Excerpts from
 "The Rebirth of Archimedes' Ancient Pump"
William L. Berk

The screw pumps we are employing today can rightfully claim to be the oldest pumps for the conveyance of liquids.  In the
3rd century B.C., the Greek mathematician and physicist, Archimedes, invented the original screw pump and gave it his name
calling it the "Archimedian Screw".  This was a hand operated, spiraled tube set at an incline.

In the 4th century, the Romans employed the Archimedes Screw in their highly advanced, for that time, water supply systems.
The Romans also used screw pumps for irrigation and drainage work. Screw pumps also found use in ore mines in Spain.
These early units were all driven by man or animal power.

In the 14th century, screw pumps reappeared as a means of conveying liquid and constituted the first rebirth of Archimedes'
ancient pump.  Historical records refer to its use with artificial fountains.  This rebirth was short-lived with the development of
reciprocating plunger pumps which had their heyday during the 19th century and were used in the development of public water
supply systems.  Reciprocating plunger pumps were later replaced with centrifugal pumps.

Screw pumps with their ability to pump relatively large quantities of water at low lifts still found one obvious application as a
drainage pump in low-lying areas, such as the reclaimed land areas of the North Sea and Baltic Sea.  During this era the screws
were constructed of wood and were powered by use of wind force with windmills.

Present rebirth of the modern day screw pump dates back to the 1920's where their primary use was drainage pumps.  In
1930 there were some 300 screw pump installations in use in the Netherlands for draining low-lying ground.  It wasn't until after
World War II that screw pumps were seriously applied for handling wastewaters.  Since this time, their use has grown rapidly.


Today the screw pump has taken its rightful place with the numerous types of pumping units that are available.  Where you have
to move a large quantity of liquid at a relatively low lift, you should look at a screw pump as one method of getting this job

Screw pumps are now being applied for:

1)    Returning activated sludge
2)    Raw sewage lift stations
3)    Raw and effluent sewage plant lift stations
4)    Industrial product and waste handling
5)    Storm water pumping
6)    Irrigation
7)    Land drainage
8)    Constant flow to treatment works with equalization basins

Screw pumps are available from 12-inch to 144-inch diameter with flows ranging from 100 to 95,000 gal/min and lifts from 6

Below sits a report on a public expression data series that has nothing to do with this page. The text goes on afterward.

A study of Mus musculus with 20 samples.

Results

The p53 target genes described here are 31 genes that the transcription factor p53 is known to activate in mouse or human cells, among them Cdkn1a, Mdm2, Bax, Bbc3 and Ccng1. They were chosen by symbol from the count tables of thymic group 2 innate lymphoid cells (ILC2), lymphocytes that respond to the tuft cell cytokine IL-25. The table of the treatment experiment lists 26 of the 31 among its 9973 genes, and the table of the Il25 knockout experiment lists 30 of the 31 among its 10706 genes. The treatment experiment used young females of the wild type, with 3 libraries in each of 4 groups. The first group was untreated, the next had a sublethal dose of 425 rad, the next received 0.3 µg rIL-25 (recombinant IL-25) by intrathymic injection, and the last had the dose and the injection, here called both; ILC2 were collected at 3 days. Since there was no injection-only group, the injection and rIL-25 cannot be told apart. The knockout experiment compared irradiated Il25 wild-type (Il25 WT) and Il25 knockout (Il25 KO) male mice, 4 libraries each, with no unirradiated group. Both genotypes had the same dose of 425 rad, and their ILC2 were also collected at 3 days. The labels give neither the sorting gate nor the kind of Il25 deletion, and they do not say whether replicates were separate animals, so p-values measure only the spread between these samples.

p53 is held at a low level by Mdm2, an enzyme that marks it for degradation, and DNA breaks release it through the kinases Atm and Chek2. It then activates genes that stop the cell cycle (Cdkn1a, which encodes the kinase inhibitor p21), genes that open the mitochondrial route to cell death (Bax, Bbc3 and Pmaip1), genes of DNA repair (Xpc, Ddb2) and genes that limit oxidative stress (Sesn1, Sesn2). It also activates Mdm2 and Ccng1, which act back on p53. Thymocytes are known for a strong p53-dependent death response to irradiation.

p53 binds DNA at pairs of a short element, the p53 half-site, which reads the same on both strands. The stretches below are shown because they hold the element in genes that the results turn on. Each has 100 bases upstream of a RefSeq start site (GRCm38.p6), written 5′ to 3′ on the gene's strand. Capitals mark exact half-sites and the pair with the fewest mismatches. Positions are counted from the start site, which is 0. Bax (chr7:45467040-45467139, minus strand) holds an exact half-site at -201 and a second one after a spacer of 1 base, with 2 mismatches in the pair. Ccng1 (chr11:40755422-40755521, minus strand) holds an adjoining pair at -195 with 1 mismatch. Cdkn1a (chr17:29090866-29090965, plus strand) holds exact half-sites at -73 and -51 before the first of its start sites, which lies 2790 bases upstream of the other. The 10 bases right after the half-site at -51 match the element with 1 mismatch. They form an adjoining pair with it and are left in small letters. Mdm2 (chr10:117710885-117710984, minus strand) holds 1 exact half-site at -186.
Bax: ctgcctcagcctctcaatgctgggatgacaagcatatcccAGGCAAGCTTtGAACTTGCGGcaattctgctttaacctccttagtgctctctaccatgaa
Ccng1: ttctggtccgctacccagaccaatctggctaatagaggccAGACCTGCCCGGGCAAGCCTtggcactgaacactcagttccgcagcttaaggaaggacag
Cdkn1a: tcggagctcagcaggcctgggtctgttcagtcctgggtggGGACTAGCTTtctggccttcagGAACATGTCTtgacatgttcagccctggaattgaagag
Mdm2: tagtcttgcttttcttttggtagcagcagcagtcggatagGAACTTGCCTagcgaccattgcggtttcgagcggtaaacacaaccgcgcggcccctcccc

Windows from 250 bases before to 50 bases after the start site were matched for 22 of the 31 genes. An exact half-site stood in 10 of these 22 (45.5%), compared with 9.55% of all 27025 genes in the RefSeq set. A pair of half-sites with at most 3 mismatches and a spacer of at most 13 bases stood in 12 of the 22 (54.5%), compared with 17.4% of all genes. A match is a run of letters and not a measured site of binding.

to 35 feet.  Construction of screws is with single, double or triple helix flights.


The reasons for the rapid gains in use of screw pumps become evident by comparing various features of centrifugal pumps
versus screw pumps.  A discussion of some of the major features is set forth below:

1)    Centrifugal pumps require a bar screen ahead of the pump to remove debris and fibrous material to prevent clogging.
Screw pumps do not require bar screens and can pump grit, rocks, wood, tin cans, plastic materials, rags and other foreign
objects because of the relatively wide clearance between the flights.  Less maintenance is required.

2)    Centrifugal pumps require a deep wet well which requires expensive excavations and concrete work and sometimes can
cause odors.  The suction and discharge piping, valves and fittings not only add friction losses but also have to be housed.
Screw pumps do not require a wet well, piping or a pump house.  The total lift of the screw pump is less and thus requires less

3)    Centrifugal pumps with non-clog impellers are only relatively efficient and the highest efficiency of a given impeller is within
a limited operating range.  Screw pumps are highly efficient and will operate over 70% efficiency from 100% of design capacity down to 33% of this capacity.  This higher efficiency requires less horsepower.

4)    Centrifugal pumps are subject to abrasion and wear because of the solids in the liquid and the high operating speed.
Repairs are required because of these features as is maintenance required to unclog these units.  Screw pumps consist of a
sturdily built tube and flights and operate at slow speeds of approximately 110 to 21 rev/min depending on pump diameter and
are not subject to wear and abrasion thus requiring a minimum of maintenance, repair and upkeep.

5)    Centrifugal pumps to meet the present increasing demand for variable delivery require sophisticated, complicated and
expensive drive and control arrangements.  Screw pumps are self compensating in that they will automatically pump the quantity
of liquid that comes to them from zero to their maximum rated capacity and this is accomplished with a constant speed motor.

6)    Centrifugal pumps because of their high operating speed will disintegrate activated sludge floc.  Screw pumps lift activated
sludge flow gently and cause a minimum of floc breakup.

7)    Centrifugal pumps can pump against relatively high heads and can deliver liquid to a pressurized discharge.  These are the
two main disadvantages of screw pumps.  Lifts are limited and dependent upon the length you can build a given diameter
screw.  Discharge from the screw is to atmosphere and normally an open channel.


 For a complete copy of this paper, please request Publication SPD-114.